Wednesday, January 20, 2010

A Not-So-Humorous Discourse on Humor

Like Marie, I found the theories on humor and laughter to be somewhat limited in respect to the broader range of human thought and emotion (when isolated). The excerpts by Plato and Hobbes leave readers wanting; feeling short-changed by their general assessment of human nature. Though there is no doubting the validity of the superiority theory of humor, in no way is it to be taken as a representative of all humor or its uses. There are compelling and intriguing components to all of the scholars’ concepts; they simply need to be read with the understanding that they are not the authority on all that humor may be.
Plato suggests that we tend to derive humor from the vices of others, namely the weak and powerless (12), but is this to say that the individual who actively chooses not to retaliate when he or she is the target of another’s humor is somehow flawed? Plato reduces laughter to the conflation of malice and the pleasure it supposedly brings us. Closely tied to Plato, Hobbes’s theory seemingly places individuals against one another. His concept of laughter seems to stem from the delight we are to take in discovering that we are in some way superior or greater than another. Though this view of humor is certainly valid, it is in no way Humor altogether.
Even Kant’s concentration on the physical aspect of laughter ultimately neglects the body’s spiritual counterpart. His understanding of the expectation or anticipation prior to the nothingness seems, at first, to hint at the stimulation of the mind (47). But he quickly clarifies that the mind is only frustrated by a desire to understand. Furthermore, it is Kant’s submission to the Epicurean conception of animal gratification or bodily sensation and its detachment from the spiritual which is alarming (49). His direction takes us from the mind to a concentration of the body. I would prefer to think that it is the physical reactions of the body which indicate some reason, some truth behind such a response, that a bodily reaction such as intense intestinal laughter leads the individual towards greater understanding (why or what is really eliciting this physical response?) Contrary, yet similarly to Kant, Kierkegaard seems to believe that the contradiction of that which we would naturally expect or assume is the main source for laughter.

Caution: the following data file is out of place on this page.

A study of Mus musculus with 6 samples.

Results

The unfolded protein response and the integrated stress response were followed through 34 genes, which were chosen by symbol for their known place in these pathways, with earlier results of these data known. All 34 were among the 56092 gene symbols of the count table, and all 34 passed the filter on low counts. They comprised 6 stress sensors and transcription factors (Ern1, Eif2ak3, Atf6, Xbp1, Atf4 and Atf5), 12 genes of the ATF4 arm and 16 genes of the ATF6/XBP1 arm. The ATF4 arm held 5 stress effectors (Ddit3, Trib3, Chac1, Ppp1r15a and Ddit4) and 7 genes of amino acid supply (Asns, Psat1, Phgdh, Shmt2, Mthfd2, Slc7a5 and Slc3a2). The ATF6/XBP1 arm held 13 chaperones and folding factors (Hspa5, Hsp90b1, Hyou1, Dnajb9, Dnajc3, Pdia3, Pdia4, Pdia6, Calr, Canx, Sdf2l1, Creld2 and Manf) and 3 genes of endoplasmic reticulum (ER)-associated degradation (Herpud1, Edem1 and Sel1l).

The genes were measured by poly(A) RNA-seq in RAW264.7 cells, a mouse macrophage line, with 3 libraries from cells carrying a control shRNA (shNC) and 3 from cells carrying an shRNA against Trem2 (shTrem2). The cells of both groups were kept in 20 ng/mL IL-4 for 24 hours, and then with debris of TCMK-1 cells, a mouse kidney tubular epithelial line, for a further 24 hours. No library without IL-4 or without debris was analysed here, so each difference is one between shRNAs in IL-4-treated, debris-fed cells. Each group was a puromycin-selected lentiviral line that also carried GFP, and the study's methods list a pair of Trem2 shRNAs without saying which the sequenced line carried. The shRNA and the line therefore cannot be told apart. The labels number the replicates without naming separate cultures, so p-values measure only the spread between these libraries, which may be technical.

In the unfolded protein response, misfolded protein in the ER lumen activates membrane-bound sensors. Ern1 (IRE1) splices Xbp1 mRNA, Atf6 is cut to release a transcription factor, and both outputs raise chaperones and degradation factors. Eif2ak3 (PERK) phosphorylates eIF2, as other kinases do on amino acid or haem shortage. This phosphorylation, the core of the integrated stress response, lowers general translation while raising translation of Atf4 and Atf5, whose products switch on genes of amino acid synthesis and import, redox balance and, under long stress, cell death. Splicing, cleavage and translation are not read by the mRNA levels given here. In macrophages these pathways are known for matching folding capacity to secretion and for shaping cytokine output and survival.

When reading these scholars, it is important to keep in mind that today as well as tomorrow’s whole person is not quite the same individual they were referring to (Kolvenbach); however, there is simultaneously a transcendent quality shared by all human beings. The solidarity promoted by Kolvenbach challenges readers to take these concepts and test them through contact in and with the world (34). The aforementioned arguments are legitimate, smart insights as to the question of humor, laughter, and their purpose; however, they must be read in conversation with one another so readers may come away with a more enriching understanding of humor and its relationship to human behavior.